Remembering the Victims of the Salem Witch Trials






In 2016, a team of researchers confirmed what had been suspected since the early 1900s: a vacant lot in a quiet neighborhood was the site where 19 victims of the Salem Witch Trials were hung in 1692. (Five other victims died in prison, and one was crushed to death by rocks.)

In response to this discovery, the city of Salem, Massachusetts, asked contractors to bid on the building of a memorial designed by Martha Lyon Landscape Architects. After filling out the appropriate forms and getting the plans, a process that took about two weeks, The Patio Company was selected as the contractor for the Proctor's Ledge Memorial.

John Byrne from The Patio Company was part of a group of four that first cleared the vacant lot of tree stumps, trash and debris in order to prepare the site. They used an excavator and skid steer to clear and level the site, and a pneumatic drill to break apart the ledge that had been hidden beneath the debris.

"The entire project was reclaimed Cape Ann granite," said Byrne, whose team had to clean up the blocks to make them square enough for the site. "We cut the pieces and fabricated the wall."

"The 12" by 12" name stones are reclaimed granite as well," he said. "They're actually steps that we cut up into 12" squares." The steps were selected because they have a flat face, and thus could be engraved with the names of each of the victims that were hung at the site. The engraving was done on site by Peter Rossi III of O'Rourke Bros. Memorials and ABS Sandblasting Co. In September, an additional engraving was done: "We Remember" was carved into the granite curb of the tree bed.







Stone dust, or decomposed granite, was chosen as the material for the plaza area. The site had a 24-inch elevation change from one end to the other, and, according to project landscape architect Martha Lyon, "the stone dust was more forgiving" to the non-level ground than a rigid paver would have been.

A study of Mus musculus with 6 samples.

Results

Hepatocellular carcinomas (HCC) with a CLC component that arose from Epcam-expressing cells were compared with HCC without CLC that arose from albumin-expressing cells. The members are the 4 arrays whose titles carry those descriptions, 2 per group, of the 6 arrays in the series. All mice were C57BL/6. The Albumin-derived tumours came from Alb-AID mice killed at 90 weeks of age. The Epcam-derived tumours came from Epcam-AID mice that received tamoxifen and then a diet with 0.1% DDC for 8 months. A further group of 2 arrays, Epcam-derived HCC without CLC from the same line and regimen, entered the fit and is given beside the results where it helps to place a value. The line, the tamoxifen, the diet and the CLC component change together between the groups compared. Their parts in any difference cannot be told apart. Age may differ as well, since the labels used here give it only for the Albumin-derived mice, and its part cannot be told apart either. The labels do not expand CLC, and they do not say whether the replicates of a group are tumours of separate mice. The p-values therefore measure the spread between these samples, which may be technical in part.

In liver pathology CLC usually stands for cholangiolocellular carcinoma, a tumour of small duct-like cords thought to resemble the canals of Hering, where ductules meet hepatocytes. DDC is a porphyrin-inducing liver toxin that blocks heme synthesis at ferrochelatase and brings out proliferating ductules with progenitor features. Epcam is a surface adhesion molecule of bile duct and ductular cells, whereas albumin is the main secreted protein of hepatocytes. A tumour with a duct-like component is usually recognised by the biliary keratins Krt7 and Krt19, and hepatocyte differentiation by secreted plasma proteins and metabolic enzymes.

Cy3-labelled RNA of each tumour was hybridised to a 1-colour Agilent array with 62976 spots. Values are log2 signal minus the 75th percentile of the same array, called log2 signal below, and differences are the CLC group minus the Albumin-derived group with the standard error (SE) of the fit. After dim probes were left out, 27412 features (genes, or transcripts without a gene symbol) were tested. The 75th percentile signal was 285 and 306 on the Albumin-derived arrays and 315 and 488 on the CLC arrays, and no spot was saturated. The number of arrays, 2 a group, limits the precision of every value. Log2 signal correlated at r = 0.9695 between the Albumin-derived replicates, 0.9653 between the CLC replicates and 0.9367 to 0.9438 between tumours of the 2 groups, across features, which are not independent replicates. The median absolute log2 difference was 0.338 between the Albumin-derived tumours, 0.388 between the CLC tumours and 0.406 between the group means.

"On the uphill side, we buried the seatwall on the outside but leveled off the surface on the inside," explained Byrne. "We did the reverse on the other side to get the project as level as we could."

Closer to the wall, contained by a Brussels block border, a bed of river stone conceals the 2.5-watt lights that shine on each of the name stones. Knowing that lighting would be involved, conduits were installed before construction of the wall began.

"They wanted the lighting to be very subtle because the memorial is right in a neighborhood," Byrne stated.

Building the memorial took about three months, wrapping up in time for a dedication ceremony held on July 19, 2017, the 325th anniversary of the hangings of five women falsely accused of being witches.

"We had visitors who were descendants of the people that were hung and people from all over the country come and see this project," Byrne said. "The mayor spoke as well as some of the other dignitaries in the city and the landscape architect, Martha Lyon."

"It's a historic site in Salem, and a lot of people go to Salem to see all the history of the witch trials," he continued. "All in all it was a fun project for us because I spent a lot of my childhood in that neighborhood, and the history is cool too."



As seen in LC/DBM magazine, November 2017.